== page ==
To date, federal grants to develop state health exchanges have cost taxpayers more than $1.2B. $677M was spent to develop "healthcare.gov." Almost twice that amount was directed to the District of Columbia and 14 states in the form of grants to develop exchanges.
Seven of those exchanges are failing:
- With a total of $303M in federal grants (Oregon's exchange was supposed to provide a model for all other states), the launch was delayed for week and then for months. Independent consultants warned that the site was unworkable before launch, but the Oregon Health Authority withheld their payment in order to silence the consultants. Lawmakers have called for a federal investigation.
- Maryland received $157.2M in federal grants for a site that failed almost simultaneously with its launch. Sound familiar? The state terminated its $193M contract with its IT contractor in February. The problems are so severe that state officials announced they may scrap the site entirely.
- Massachusetts hired the same contractor that built the federal exchange, CGI. The Commonwealth's exchange suffered problems from the beginning. Worse yet, after receiving $135.6M in federal dollars, only 5,428 people signed up for coverage during the first three months. That's <1% of the Commonwealth's goal for the first year.
- Vermont's $165.2M in grants couldn't keep their CGI-built exchange from failing on its very first day. See a pattern developing? Some functions still don't work, including the insurance options for small businesses. Newsweek reported that CGI created a dummy demo site so that it would pass inspection. Lawmakers have called for an investigation.
- Minnesota's exchange director resigned in mid-December 2013 after taking a tropical vacation. Why? Site problems. Even so, 14 exchange officials were paid bonuses prior to the site's launch. Promises that the exchange would be fixed have not been met and outside consultants have said the problems will not be fixed by the end of open enrollment on March 31. To date, Minnesota has received $153.7M in federal dollars.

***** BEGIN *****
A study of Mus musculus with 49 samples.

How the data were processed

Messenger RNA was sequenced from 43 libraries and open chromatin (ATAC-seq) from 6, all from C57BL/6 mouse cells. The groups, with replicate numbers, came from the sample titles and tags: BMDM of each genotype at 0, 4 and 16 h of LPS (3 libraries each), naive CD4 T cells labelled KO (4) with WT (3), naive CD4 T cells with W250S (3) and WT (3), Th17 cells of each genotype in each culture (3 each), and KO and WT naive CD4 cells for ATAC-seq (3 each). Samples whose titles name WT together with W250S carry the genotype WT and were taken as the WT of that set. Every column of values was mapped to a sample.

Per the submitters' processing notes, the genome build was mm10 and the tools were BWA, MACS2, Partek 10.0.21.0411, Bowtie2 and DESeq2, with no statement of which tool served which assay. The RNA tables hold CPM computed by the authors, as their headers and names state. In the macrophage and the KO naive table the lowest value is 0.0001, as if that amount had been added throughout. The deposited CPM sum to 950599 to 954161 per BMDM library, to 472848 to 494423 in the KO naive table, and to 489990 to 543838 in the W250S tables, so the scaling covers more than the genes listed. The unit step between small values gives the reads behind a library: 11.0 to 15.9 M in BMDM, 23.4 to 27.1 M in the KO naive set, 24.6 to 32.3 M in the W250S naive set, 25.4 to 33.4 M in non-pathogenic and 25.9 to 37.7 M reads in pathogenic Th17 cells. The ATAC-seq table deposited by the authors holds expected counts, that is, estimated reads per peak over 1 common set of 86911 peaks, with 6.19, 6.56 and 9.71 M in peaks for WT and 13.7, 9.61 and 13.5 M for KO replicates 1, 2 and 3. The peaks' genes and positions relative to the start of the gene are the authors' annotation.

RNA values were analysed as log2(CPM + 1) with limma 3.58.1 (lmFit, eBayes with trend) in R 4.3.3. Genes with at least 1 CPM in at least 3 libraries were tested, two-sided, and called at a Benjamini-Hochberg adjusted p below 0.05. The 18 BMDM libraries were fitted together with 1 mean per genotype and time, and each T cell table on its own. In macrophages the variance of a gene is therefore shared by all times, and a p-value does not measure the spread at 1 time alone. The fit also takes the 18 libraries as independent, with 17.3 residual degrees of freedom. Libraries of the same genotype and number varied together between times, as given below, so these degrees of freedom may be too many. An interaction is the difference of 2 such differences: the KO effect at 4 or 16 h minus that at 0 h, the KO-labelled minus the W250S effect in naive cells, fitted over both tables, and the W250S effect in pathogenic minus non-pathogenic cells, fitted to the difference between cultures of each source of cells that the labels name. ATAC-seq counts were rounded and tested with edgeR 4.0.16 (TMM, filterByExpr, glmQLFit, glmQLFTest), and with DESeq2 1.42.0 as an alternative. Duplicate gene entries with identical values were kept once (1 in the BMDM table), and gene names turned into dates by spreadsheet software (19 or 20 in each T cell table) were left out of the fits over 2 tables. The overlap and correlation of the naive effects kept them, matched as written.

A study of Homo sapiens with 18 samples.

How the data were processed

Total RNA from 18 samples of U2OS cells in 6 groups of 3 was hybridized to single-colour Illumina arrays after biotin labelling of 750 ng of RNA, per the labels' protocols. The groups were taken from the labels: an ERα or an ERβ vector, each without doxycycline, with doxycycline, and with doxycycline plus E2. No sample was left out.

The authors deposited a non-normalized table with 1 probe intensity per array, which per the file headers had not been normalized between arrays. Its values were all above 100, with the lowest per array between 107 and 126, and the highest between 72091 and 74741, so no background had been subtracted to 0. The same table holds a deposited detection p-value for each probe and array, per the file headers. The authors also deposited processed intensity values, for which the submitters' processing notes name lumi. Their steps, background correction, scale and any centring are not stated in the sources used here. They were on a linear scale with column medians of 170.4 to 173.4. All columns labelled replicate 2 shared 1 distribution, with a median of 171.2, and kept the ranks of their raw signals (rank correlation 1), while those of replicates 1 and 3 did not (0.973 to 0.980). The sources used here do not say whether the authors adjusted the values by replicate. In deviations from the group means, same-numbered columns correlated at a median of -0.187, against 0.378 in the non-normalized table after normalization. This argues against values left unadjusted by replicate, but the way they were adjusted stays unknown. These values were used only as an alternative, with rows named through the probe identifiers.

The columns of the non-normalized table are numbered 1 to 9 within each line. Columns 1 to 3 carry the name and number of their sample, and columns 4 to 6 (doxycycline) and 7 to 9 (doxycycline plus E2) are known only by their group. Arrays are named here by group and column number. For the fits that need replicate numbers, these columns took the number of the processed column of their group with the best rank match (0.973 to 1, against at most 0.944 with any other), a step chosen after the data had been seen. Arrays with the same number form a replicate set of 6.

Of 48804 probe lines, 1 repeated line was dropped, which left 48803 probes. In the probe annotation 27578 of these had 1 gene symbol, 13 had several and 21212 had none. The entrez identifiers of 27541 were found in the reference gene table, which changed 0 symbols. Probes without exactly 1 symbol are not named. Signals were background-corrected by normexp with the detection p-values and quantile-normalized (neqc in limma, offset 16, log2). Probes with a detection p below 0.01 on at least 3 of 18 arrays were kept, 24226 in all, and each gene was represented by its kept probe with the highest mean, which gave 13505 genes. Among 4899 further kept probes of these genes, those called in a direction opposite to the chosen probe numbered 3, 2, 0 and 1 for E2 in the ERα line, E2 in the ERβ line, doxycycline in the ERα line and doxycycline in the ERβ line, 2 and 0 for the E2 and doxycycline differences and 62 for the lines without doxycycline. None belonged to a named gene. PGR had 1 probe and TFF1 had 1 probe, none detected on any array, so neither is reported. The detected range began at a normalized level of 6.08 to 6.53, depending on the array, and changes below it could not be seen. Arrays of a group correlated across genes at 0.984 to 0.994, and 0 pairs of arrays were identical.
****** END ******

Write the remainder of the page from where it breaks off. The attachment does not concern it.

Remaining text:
- During during the open enrollment period, Nevada was expected to enroll 118k. Unfortunately, only 16k enrolled. One exchange board member described this failure as "catastrophic." Receiving $83.7M for its exchange, Nevada officials have now revised downward their expected enrollee projection to 50k (or 42.3% of the original target).
- Hawaii's $205M in federal grants didn't provide hardly any return on investment. For two weeks immediately following its launch, the exchange was taken down. This seems to be the "narrative," no? To date, the exchange has only 4.3k enrollees. That's the lowest number in all of the states.
The Motley Monk offers his "kudos" to Peter Suderman and Reason Magazine for publish what other won't. This disgraceful failure provide even more damning evidence that the federal government cannot and should not run what free enterprise and the free market does best.
Let the discussion begin...
To read Peter Suderman's article in Reason Magazine, click on the following link:
"ObamaCare's Failed State Exchanges."